Economy — 22 September 2008

The extraordinary demise of two of the largest investment banks in the world, the nationalisation of insurer AIG and the shotgun marriage of HBOS and Lloyds TSB, in all has brought the number of banks and lenders that have fallen victim to the sub-prime crash to a staggering 284 worldwide.

Even though markets have been buoyed by huge bailouts on both side of the Atlantic, and a massive assault by global regulators on short selling has partially helped to calm the turmoil. The crisis is far from over. Neither tax rebates nor low interest rates nor higher or lower exchange rates can do the job of reviving economies that are burdened by debt loads that are too high.

The effect of hamstrung economies, are actively leading commentators and thinkers to seriously search for clues in the way forward. After all, if a seemingly innocuous clutch of dud mortgages in the American Midwest can rollover to the become a ‘once in a century event’, then something must be amiss in the apparent understanding of how the markets operate.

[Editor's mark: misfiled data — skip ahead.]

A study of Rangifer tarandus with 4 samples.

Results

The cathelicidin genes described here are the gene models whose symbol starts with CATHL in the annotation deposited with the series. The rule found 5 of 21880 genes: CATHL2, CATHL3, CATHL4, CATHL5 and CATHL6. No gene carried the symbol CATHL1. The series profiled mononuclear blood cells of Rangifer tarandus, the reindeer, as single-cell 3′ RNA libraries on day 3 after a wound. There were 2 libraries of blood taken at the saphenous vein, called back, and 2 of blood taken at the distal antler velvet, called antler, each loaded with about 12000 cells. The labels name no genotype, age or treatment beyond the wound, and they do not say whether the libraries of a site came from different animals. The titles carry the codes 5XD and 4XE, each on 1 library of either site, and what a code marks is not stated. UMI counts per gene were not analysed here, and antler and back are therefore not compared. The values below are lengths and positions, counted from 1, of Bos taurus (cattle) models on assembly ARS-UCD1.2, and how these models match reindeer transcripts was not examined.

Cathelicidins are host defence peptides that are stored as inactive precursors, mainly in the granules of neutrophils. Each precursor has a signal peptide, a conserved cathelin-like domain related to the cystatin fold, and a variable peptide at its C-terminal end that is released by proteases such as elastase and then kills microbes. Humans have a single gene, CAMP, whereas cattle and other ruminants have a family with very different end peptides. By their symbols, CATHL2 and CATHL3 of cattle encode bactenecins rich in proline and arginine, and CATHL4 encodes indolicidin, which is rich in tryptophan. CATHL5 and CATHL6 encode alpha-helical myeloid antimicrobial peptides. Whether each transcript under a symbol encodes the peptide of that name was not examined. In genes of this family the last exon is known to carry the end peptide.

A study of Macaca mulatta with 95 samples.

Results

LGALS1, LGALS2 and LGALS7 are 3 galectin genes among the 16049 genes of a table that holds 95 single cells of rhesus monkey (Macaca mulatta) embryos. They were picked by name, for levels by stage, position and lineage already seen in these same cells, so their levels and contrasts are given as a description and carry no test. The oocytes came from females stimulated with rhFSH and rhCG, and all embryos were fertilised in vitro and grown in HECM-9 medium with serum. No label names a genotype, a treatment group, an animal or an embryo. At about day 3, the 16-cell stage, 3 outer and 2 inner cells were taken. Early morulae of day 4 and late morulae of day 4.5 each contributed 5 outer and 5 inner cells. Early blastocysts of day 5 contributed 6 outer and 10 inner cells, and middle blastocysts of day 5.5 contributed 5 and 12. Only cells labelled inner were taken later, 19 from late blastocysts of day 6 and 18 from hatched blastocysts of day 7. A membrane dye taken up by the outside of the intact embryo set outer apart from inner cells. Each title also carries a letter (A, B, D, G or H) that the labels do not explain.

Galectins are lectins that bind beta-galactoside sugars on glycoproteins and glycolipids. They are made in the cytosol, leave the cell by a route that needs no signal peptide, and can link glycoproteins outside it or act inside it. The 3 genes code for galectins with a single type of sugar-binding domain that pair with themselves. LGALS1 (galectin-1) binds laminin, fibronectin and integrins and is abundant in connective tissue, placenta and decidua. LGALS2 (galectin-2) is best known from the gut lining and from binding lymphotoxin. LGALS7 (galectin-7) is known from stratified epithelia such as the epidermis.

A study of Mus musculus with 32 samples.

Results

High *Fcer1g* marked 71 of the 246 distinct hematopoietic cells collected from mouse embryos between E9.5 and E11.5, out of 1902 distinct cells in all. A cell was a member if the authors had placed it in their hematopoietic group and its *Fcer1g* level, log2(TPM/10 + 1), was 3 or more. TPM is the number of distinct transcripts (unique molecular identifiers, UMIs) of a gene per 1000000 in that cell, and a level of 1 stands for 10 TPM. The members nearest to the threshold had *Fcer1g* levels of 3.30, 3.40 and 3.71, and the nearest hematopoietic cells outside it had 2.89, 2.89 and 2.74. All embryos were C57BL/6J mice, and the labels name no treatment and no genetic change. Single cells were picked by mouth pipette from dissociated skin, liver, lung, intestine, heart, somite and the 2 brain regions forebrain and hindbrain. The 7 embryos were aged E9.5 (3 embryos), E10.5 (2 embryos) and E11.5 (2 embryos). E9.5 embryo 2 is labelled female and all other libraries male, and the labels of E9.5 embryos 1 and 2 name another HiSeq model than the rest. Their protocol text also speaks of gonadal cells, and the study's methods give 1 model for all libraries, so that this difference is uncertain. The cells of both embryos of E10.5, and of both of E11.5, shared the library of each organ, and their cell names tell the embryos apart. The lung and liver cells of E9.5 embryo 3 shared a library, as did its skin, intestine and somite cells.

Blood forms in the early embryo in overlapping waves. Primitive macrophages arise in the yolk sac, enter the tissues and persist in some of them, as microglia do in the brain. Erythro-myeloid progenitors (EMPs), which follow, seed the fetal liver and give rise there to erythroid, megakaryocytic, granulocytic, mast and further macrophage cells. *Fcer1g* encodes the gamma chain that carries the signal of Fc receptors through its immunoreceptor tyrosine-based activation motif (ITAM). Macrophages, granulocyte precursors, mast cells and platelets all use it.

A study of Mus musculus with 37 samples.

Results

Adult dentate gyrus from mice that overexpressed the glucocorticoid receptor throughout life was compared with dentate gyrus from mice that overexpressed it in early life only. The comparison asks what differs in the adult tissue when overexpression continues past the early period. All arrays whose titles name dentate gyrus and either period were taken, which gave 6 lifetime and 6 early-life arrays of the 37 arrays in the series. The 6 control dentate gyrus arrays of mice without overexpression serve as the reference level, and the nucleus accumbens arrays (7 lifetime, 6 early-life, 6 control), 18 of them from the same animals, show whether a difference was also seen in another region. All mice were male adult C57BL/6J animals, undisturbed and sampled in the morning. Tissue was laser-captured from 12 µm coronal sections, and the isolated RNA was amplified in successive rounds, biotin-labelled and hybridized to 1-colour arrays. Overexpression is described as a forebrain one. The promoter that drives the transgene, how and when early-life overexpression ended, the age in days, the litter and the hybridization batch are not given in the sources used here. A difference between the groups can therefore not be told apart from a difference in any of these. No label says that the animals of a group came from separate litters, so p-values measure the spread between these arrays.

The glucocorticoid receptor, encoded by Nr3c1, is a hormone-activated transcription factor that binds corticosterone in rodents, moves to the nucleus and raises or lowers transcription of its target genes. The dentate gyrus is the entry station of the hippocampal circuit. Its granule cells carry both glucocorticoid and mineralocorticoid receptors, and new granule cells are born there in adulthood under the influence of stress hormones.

More than being amiss, its clear that there is something terrifyingly wrong with the system. Calls for action though, have availed a different manner of propriety. The short sighted are simply baying for blood, hoping that buccaneering speculators will take the noose. Others rest their hopes on new global policing that would prevent the likes of junk bonds, ninja loans and toxic assets from ever again attesting their pervasiveness in the markets.

Amongst the more acute, have been those hoping to rip it all up and start again. Critically, it is the loss of confidence in the Free Market ideology that is helping to inspire such notions. At its best, laissez-faire, has been the excuse for speculative bubbles, unfettered capitalism and post-script colonialism. Now at its most embarrassing, it has unceremoniously subsumed itself to its most dreaded opposite – government intervention.

With eyes now wide open, and minds keenly attentive. Proposals of alternative solutions will in the least, have captive audiences. There are rumours of banking based on nationalist interests, as well those proposing collectivist models. None though, are truly a radical a change, as that which is the proposition of the Islamic Economic System, implemented through the example of a Caliphate State. The trillion dollar question that really remains, is how leadership can be given to the notion of Islamic Economics?